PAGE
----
Seafood waste used to improve concrete

Concrete responsible for harmful carbon emissions; seafood waste makes concrete longer-lasting



Seafood waste is underutilized and has limited applications. The project will divert the waste toward a useful purpose.

TRINITY WILLSEY, Evergreen reporter

WSU researchers are using a material found in crab shells to improve concrete and reduce carbon emissions. 

The researchers plan to use chitin, which can be found in seafood shells, to create longer lasting concrete, said Michael Wolcott, research collaborator and WSU associate vice president for research.

Chitin has strong components that provide strength and structural capacity, as seen in strong crab shells, said Somayeh Nassiri, research collaborator and WSU assistant professor.

“That was an inspiration for us,” she said. “We can use [chitin] in the same way in construction materials because we also want to make them stronger.”

Chitin is the second most abundant polymer in nature, Wolcott said. Chitin’s chemical structure forms tight crystals. 

“You will have a structure that is tightly bound and highly organized,” he said. 

Nanomaterials, which help add structure to materials, are harvested from chitin and added to concrete to make it more durable, Wolcott said. 

“We are not using the [chitin] directly,” Nassiri said. “We are processing it. We are getting a component out of it. That component is what is providing the strength.”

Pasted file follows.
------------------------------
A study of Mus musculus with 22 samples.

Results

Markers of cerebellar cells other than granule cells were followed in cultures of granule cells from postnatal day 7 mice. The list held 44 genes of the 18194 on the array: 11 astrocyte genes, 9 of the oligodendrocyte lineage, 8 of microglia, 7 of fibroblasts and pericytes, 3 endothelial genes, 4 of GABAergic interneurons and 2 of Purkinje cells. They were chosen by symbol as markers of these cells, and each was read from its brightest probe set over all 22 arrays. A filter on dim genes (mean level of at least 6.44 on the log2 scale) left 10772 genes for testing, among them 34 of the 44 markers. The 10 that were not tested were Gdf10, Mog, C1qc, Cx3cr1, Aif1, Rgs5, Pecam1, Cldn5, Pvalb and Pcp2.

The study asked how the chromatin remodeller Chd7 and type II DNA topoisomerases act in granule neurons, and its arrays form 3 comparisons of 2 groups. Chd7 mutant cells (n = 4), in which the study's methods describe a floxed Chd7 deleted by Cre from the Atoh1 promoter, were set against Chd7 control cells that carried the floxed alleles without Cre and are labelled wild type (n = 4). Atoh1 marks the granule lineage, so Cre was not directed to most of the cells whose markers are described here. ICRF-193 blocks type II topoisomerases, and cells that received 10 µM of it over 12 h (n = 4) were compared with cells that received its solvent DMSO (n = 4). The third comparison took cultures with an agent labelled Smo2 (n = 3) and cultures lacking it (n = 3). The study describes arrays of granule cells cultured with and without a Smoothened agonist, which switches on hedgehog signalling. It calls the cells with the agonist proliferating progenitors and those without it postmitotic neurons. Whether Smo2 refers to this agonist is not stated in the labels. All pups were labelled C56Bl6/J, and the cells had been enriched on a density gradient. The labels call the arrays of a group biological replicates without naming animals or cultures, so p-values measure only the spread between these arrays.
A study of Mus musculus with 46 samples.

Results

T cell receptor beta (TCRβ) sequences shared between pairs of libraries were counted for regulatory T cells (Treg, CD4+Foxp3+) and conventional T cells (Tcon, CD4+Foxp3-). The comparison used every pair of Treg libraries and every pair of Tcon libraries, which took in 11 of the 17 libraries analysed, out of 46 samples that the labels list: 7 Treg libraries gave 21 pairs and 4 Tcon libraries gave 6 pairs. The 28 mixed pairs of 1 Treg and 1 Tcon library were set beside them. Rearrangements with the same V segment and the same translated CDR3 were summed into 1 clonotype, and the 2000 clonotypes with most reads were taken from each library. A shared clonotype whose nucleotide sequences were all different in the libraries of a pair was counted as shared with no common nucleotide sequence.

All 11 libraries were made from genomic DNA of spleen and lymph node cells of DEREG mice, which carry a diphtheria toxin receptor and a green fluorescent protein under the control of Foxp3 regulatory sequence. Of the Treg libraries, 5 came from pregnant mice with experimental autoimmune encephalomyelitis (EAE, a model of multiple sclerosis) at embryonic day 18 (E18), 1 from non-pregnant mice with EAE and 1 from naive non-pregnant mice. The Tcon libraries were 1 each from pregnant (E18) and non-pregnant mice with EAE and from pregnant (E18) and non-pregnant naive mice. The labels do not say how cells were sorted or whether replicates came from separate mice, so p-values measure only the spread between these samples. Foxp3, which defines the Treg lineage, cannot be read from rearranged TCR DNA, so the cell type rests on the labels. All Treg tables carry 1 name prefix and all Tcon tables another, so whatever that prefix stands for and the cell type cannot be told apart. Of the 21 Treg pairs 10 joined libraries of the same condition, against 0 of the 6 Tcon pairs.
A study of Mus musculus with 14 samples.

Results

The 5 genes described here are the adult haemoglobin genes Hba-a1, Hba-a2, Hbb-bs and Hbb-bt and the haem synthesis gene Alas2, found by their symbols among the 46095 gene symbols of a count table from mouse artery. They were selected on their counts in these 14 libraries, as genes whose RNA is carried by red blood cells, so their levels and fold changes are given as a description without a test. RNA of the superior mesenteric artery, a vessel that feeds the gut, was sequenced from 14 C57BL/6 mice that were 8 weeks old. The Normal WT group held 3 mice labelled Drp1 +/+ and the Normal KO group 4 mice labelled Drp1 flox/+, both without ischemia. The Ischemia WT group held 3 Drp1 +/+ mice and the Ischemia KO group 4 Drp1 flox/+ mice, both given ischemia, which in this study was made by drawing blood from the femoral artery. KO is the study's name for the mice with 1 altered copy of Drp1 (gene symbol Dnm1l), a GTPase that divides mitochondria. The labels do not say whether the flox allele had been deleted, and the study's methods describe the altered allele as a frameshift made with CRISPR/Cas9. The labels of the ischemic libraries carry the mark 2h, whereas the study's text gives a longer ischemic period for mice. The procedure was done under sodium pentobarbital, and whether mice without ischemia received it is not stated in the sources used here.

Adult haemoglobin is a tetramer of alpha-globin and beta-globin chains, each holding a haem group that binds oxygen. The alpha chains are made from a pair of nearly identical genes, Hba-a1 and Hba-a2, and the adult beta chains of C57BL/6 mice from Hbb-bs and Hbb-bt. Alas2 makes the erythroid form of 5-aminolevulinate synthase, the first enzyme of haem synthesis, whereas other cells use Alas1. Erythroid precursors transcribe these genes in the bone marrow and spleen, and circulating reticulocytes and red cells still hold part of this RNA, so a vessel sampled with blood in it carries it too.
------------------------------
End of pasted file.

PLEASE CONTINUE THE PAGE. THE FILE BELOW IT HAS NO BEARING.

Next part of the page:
There has been a surplus of waste from seafood shells over the years, she said. Researchers get seafood waste, including crab shells, from industrial processing centers.

Seafood waste is underutilized and has very limited applications. The project will help divert the waste toward a useful purpose, Nassiri said.

“We are definitely helping,” she said. “If [the shell waste] isn’t treated before they’re thrown back into the ocean, they could also throw off the balance of species in the ocean.”

The shells contain nitrogen and phosphorus, which could negatively affect marine life and pollute coastal areas, Nassiri said. 

The production of concrete also produces high amounts of harmful carbon dioxide emissions and requires a lot of energy, Wolcott said. 

Calcium carbonate, or limestone, is heated at high temperatures to make concrete, Nassiri said. This releases carbon dioxide.

Concrete production is estimated to be responsible for seven percent of carbon emissions globally, she said. 

Adding chitin components to cement will not completely eradicate the issue of carbon emissions, but it will create longer-lasting cement and reduce the amount of concrete production, Nassiri said. 

Ten billion tons of concrete are estimated to be made per year, she said. 

“It is the most used man-made material and the second most used, overall, material after water,” Nassiri said. 

The team is collaborating with Pacific Northwest National Laboratory and the Department of Energy, Wolcott said. 

The DOE has provided funding for the project because it is looking at ways to reduce carbon emissions, he said. Increasing the stability of concrete will help with this. 

Wolcott said he and Nassiri are both collaborating on the project, combining knowledge on concrete and natural materials. 

The project is in phase two, she said. In phase one, the team demonstrated improvements in concrete strength with the addition of chitin. Further tests in concrete and improvements with the research need to be made to optimize the properties of the additives found in chitin. 

“We are hoping we can get more funding to continue to show that our product works in concrete,” Nassiri said. 

The team has been working on the project for about two years, Wolcott said. COVID-19 slowed the project down slightly when the labs were shut down. 

The project is still in the early stages of the research but will be finished by the end of 2021 after more adjustments have been made, Nassiri said. 

“Our overall goal is to make the same concrete, but use less cement,” she said. “That would be very environmentally beneficial.”